Behind nearly every successful Sigma Chi chapter like Alpha Upsilon is a House Corporation helping to create a safe environment for undergraduate brothers and running the legal machinations of ownership the chapter house itself. But that rarely getting the spotlight.


Yet, for the fourth year in a row, the Trojan Sig House Corporation (TSHC) has been honored with a top international Sigma Chi “Gold Award” for Outstanding House Corporation bestowed by the Sigma Chi Board of Trustees.


“We were ecstatic,” said Billy Walk, Vice President of Housing for the TSHC. Walk is Senior Vice President at Colliers International based in Glendale managing industrial real estate transactions. “Though we all joined the board voluntarily because of our love of the Fraternity and our Chapter in particular, it is always nice to get recognition from the International Fraternity.”


“Three in a row is highly commendable,” says Rich Hronek, chairman of the Sigma Chi Grand Trustees, “because that tells everyone that they have been in compliance with all the [requirements of the] fraternity, Risk Management Foundation and local laws and regulations.” The awards are handed out by the Grand Trustees.


In other words, it’s a big deal.


Let’s be clear here: Serving on a House Corporation board can feel a little invisible while doing the critically important work of what is essentially running a multi-million-dollar business enterprise. Taxes, regulations, health and safety issues, rent, fees, zoning, codes, maintenance and repairs. It isn’t the sexiest stuff. But it’s really, really valuable.


It can also be immensely gratifying work. Winning the award again “provides a little bit of a jolt of gratification from our fellow brothers that we’re doing right for what otherwise is a thankless position,” said Walk.


Walk has a unique and poignant perspective for this work on behalf of the Alpha Upsilon chapter because, as an undergraduate, he played a key role in re-chartering Alpha Upsilon in 1999 bringing it back to life. Serving on the TSHC is a natural extension of that work.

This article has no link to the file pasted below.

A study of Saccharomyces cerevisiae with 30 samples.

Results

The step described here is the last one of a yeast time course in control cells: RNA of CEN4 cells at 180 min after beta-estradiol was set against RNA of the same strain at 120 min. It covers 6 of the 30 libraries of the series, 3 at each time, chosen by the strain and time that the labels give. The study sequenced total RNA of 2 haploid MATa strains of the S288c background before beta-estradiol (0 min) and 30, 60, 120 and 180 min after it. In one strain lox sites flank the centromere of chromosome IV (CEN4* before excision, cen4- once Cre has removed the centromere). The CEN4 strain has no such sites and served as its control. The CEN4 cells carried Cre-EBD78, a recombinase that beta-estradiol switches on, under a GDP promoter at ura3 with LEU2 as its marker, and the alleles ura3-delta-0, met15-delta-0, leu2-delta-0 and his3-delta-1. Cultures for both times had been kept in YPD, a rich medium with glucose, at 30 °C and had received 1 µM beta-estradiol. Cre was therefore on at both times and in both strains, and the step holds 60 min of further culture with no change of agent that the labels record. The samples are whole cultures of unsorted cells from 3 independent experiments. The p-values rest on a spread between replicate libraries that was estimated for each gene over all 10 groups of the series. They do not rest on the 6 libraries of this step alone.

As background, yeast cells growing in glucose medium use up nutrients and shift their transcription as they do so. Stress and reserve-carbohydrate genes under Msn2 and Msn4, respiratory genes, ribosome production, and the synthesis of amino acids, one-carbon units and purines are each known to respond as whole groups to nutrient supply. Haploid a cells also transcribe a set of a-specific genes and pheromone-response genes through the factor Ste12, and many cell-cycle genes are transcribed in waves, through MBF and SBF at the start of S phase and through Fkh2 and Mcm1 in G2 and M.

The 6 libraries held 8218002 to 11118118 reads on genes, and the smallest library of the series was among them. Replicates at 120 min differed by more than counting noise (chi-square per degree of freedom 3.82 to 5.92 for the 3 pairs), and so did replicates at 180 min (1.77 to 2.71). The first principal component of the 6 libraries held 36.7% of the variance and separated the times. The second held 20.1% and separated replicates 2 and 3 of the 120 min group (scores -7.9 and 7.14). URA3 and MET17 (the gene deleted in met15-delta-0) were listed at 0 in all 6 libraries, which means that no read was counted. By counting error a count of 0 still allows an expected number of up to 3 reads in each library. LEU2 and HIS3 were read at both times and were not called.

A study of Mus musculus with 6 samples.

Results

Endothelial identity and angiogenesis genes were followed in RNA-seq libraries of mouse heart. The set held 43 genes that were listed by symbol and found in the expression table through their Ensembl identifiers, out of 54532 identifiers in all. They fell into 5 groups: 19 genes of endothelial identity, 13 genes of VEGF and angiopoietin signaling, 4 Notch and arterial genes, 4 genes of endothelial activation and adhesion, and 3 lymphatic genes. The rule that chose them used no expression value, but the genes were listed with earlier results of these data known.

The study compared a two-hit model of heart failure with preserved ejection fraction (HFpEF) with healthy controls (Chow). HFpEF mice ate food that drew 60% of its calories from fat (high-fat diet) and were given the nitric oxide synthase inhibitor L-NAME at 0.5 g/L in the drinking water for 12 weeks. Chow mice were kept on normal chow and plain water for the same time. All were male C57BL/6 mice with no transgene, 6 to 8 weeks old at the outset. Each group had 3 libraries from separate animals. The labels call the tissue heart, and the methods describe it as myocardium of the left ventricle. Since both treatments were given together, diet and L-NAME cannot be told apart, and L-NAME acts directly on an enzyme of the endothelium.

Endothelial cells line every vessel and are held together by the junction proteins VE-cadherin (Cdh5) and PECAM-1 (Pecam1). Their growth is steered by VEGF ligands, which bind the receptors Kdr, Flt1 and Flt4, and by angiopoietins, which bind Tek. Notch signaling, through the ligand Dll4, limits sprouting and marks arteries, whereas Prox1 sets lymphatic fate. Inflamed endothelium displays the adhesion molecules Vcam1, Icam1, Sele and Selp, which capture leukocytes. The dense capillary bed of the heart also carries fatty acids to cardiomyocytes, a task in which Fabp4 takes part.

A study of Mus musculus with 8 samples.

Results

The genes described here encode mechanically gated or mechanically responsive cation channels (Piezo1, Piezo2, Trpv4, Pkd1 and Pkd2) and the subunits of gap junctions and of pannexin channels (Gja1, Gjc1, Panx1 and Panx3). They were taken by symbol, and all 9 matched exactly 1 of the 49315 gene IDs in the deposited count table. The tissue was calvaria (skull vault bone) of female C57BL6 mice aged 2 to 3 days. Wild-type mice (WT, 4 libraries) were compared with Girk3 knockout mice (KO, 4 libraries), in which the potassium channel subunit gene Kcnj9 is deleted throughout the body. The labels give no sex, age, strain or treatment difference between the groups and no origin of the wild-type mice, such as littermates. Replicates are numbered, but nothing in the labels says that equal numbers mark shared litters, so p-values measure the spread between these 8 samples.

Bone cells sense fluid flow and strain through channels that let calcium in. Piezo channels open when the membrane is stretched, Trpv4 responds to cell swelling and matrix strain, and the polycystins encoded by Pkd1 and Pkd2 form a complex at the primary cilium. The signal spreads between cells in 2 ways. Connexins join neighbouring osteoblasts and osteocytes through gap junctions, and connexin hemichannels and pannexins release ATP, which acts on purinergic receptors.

The House Corporation board members come from diverse generations to give it a broad perspective. They are:

•    Dan Vogelzang, President (1978)

•    Billy Walk, Secretary and V.P. of Housing (2002)

•    Matt Matteson, Legal Counsel (1981)

•    Lacy Marlette, Treasurer (1968)

•    Jon Muller, Development Chair (1984)

•    Bob Vogelzang, Director (1981).


Its chief responsibility is to serve as the landlord of the chapter house and property. This includes managing all housing contracts, collecting rents and fees, and providing assistance in chapter house maintenance and renovation. 


The TSHC works hand in hand with the Trojan Sig Foundation whose Its primary function is to support the educational mission of both the undergraduate chapter and the Trojan Sig Housing Corporation, including providing funds for the advancement of leadership training and academic scholarships.


The third critical leg of the triumvirate is the undergraduate chapter whose officers work closely with the TSHC and the TSF to keep the chapter focused on its character building and educational development mission for our brothers.


It is not lost on Billy that quite likely none of the current undergrads were even living when he and his fellow “re-founders” helped resurrect the chapter in 1999. That offers some deeper satisfaction to know an entirely new generation of brothers is forging ahead proudly.


Hronek says there are 184 chapters working with the Sigma Chi RMF. And 148 of them have a physical chapter house. The AU award puts us in the top 10 percent.

The General Fraternity is “among the largest in real estate holdings of fraternities with about $257 million in property holdings in LLCs,” explains Hronek, “but the fraternity itself does not own any individual house.” That may change. While several national fraternities



Until then, House Corporations will continue to be the dominant ownership vehicle for Sigma Chi chapters.

Alums who work with undergrads often notice that younger brothers lack the sense of history and perspective that accumulates over life. “The biggest highlight is working with and witnessing the undergraduate

Brothers go through the ups and downs of running a Chapter,” says Walk.  “Though many don’t realize it at the time, they’re learning invaluable lessons for life on how to work with different people and how to run a business and family.”


That learning is present even among alumni brothers who gather together from time to time throughout our busy lives. Walk says the TSHC board reflects that. “Despite our divergent lives, TSHC has served as a kind of linchpin which draw us to give back to a bigger cause which is tied to some of the best years of our lives.”